Aug 12, 2022; Jacksonville, Florida, USA; a Cleveland Browns helmet sits on the sidelines during a game against the Jacksonville Jaguars in preseason at TIAA Bank Field. Mandatory Credit: Nathan Ray Seebeck-USA TODAY Sports Credit: Nathan Ray Seebeck-USA TODAY Sports

The Cleveland Browns made a notable move to strengthen their defensive backfield on Thursday, signing former Philadelphia Eagles safety Rodney McLeod, according to multiple reports.

McLeod spent six seasons with the Eagles organization and helped play a big role in the team’s Super Bowl Championship in 2018. While McLeod is more known for his time in Philadelphia, he played in all 17 games for the Indianapolis Colts in 2022. The veteran safety set a career-high in tackles, tackles for loss and passes defended while recording his best-ever Pro Football Focus grade (80.1) — good enough for 11th at his position.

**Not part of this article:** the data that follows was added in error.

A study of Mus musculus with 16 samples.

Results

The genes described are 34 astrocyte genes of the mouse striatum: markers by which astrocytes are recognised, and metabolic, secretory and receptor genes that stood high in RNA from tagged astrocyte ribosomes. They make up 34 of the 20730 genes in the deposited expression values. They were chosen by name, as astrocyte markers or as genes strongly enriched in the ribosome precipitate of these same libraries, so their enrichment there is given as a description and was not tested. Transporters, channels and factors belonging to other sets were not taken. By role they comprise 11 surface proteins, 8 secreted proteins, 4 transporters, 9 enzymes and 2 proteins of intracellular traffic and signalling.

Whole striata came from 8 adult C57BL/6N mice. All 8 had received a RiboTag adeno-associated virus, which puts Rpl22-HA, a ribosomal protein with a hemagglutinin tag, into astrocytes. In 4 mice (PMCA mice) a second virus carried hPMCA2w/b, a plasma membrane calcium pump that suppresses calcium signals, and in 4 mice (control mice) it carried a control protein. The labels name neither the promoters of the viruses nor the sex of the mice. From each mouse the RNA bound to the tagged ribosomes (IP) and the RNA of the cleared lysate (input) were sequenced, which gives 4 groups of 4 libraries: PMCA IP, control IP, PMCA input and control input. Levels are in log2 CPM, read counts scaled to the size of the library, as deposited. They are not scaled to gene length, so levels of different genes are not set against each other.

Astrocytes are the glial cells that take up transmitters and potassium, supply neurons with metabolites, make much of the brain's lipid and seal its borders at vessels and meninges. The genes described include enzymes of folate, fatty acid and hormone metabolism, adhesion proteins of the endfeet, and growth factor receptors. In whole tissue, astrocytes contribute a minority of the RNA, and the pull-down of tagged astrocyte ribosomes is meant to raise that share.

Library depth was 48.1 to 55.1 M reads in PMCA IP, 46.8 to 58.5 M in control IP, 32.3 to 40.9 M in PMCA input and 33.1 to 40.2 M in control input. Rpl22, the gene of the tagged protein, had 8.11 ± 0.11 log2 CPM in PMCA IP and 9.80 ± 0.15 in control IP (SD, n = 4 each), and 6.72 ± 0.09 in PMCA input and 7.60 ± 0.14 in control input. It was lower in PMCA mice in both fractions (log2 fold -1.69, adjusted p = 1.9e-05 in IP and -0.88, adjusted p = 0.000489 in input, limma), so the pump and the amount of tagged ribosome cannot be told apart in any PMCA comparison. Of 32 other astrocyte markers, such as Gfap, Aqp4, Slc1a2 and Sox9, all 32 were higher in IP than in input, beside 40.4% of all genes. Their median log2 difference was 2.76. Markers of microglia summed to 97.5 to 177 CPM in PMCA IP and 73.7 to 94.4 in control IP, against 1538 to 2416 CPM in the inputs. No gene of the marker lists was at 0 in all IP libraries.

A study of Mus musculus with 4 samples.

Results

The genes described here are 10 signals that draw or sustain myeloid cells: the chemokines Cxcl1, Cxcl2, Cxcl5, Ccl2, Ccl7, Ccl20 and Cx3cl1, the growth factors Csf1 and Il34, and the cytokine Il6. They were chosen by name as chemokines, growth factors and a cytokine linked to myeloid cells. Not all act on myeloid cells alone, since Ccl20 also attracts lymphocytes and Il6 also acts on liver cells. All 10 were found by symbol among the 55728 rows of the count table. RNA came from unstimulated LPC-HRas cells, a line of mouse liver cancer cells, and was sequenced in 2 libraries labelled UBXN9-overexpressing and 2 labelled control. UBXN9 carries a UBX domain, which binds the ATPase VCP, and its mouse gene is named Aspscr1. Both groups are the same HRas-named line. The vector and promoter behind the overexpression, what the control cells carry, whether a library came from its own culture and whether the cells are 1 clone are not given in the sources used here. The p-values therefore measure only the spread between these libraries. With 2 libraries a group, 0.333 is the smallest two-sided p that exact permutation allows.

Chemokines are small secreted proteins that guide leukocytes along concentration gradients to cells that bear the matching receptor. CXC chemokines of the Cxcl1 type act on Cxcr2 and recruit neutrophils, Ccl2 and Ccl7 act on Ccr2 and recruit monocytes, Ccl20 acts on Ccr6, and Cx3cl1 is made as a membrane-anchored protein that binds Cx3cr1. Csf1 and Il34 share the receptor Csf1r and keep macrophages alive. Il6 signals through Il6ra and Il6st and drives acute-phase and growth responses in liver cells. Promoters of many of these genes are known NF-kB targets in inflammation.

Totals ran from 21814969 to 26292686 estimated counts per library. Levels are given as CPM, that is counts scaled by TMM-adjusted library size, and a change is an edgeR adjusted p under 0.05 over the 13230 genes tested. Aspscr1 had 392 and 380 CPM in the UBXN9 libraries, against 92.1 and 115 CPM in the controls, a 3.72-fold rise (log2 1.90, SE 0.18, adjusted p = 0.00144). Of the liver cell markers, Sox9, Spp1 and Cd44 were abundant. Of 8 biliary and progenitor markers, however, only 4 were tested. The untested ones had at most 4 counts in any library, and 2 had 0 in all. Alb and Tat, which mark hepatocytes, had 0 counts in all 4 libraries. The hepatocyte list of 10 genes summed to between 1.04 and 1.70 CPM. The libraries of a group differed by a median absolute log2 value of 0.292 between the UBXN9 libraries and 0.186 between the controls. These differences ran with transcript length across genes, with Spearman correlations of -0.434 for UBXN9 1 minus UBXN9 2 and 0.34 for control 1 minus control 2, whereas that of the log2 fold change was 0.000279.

As many have already noted, McLeod reunites in Cleveland with defensive coordinator Jim Schwartz, who served in that same capacity in Philadelphia from 2016-2020.

Some expected the Browns to address safety in the 2023 NFL Draft after parting ways with both John Johnson and Ronnie Harrison this offseason. While the Browns had already addressed the safety position in the first phase of free agency — signing former Kansas City Chiefs safety Juan Thornhill to a lucrative contract — they still needed depth in the backend. 

McLeod figures to be a more than viable third option in Cleveland’s secondary behind that of Thornhill and Grant Delpit. It certainly helps that the team is bringing in a veteran like McLeod, who can assist with the installation of a new defensive playbook, during offseason workouts.

[Jake Trotter, Free Agency Frosty on Twitter]

About Sam Neumann

Since the beginning of 2023, Sam has been a staff writer for Awful Announcing and The Comeback. A 2021 graduate of Temple University, Sam is a Charlotte native, who currently calls Greenville, South Carolina his home. He also has a love/hate relationship with the New York Mets and Jets.